MASTER of Flémalle
(b. ca. 1375, Valenciennes, d. 1444, Tournai)
Oil on wood
Courtauld Gallery, London
The Triptych is named after its present owner, the Count of Seilern. It is considered to be the earliest of the Master's works to have survived to the present day.
The central panel represents the Entombment: the Virgin, Joseph of Arimathea, Nicodemus and another Mary are holding Christ's body spread out on its shroud above the tomb. The other figures in the scene function as so many allusions to different stages in the Passion cycle: St John, on whom the Virgin leans, refers us to the Lamentation; Mary Magdalene rubbing oil into Christ's feet is a reminder of his Anointment; the woman who is holding up a piece of material is probably St Veronica, and her presence alludes to Calvary; finally, the angels who are carrying the instruments of the Passion represent the Crucifixion.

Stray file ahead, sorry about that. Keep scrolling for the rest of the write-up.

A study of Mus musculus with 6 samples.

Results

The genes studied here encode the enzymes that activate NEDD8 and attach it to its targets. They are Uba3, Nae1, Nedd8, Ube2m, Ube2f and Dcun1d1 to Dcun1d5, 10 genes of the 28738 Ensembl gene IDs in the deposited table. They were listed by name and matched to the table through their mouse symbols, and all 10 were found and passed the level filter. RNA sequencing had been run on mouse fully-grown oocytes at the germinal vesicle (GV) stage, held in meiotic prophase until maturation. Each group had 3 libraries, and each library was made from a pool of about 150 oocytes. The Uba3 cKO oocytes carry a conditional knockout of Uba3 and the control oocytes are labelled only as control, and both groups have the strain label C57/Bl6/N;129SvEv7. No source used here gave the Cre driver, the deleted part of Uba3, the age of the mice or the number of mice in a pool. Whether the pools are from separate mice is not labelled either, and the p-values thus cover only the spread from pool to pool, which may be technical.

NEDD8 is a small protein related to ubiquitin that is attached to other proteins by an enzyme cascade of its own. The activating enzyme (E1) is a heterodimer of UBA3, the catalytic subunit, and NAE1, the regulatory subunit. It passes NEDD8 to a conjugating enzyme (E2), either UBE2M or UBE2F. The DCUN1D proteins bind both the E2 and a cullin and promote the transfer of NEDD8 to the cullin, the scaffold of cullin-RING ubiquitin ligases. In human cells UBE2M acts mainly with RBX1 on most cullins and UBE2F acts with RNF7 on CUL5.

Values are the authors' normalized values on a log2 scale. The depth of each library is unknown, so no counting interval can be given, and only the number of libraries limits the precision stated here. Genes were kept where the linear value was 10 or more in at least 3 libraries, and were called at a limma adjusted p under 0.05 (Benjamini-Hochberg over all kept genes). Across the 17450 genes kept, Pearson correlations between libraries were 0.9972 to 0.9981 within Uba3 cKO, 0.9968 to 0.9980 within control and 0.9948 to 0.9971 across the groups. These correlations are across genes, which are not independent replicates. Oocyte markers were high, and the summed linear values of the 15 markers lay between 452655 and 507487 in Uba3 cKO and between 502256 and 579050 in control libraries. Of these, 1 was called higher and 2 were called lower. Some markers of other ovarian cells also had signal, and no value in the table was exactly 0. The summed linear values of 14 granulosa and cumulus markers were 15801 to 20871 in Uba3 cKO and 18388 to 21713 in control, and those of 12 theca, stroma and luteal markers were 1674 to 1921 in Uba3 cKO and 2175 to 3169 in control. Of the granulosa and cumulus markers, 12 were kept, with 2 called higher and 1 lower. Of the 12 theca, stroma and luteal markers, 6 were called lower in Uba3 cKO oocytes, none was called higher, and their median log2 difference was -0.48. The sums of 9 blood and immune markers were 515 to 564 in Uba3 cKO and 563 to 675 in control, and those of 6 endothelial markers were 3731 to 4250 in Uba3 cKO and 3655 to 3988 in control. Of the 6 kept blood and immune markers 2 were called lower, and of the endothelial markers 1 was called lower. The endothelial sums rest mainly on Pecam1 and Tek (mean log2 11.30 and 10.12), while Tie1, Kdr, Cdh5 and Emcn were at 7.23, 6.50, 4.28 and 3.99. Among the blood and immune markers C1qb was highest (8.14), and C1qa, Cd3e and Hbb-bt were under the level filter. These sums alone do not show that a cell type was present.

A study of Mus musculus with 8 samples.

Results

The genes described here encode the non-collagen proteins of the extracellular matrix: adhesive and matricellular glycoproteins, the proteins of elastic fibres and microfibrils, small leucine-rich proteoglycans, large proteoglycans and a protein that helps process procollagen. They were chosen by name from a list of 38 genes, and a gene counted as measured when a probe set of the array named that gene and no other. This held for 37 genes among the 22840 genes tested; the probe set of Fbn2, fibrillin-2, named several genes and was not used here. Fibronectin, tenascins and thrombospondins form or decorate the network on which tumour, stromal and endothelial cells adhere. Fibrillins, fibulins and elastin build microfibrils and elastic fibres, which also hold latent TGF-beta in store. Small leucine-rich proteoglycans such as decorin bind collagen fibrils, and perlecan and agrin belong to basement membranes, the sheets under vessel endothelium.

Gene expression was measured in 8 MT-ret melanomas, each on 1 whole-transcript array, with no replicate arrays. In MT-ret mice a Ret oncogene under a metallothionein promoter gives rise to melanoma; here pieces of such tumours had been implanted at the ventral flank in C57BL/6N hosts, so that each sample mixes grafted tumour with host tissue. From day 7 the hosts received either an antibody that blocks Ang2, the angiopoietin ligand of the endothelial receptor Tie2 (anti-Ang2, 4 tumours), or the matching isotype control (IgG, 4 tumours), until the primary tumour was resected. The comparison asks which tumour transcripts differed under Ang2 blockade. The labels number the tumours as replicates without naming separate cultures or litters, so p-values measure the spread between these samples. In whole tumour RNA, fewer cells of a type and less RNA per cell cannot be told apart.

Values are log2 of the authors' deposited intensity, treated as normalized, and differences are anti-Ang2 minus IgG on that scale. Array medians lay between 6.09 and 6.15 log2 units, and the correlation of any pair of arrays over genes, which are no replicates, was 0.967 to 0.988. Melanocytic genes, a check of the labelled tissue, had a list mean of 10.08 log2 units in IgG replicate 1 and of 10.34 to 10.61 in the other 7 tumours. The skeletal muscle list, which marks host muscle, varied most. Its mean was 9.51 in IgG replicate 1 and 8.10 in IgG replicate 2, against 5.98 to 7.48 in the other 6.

The left wing depicts a donor. Behind the figure stands the hill of Golgotha. The central cross between the two thieves has been left empty, with a ladder propped against it, to remind us of the Descent from the Cross. The right wing represents the Resurrection. The gold background of all three panels is decorated with a motif of vine branches and grapes, symbols of Christ, the true vine.
The figures in the central panel are noticably larger than those on the wings. The viewer thus feels closer to the central scene than to those on either side. Otherwise, however, the treatment of space is entirely traditional. On the left wing, for instance, the landscape behind the donor is quite shallow, and the figures are not shown one behind the other, but are ranged vertically and all depicted on the same scale.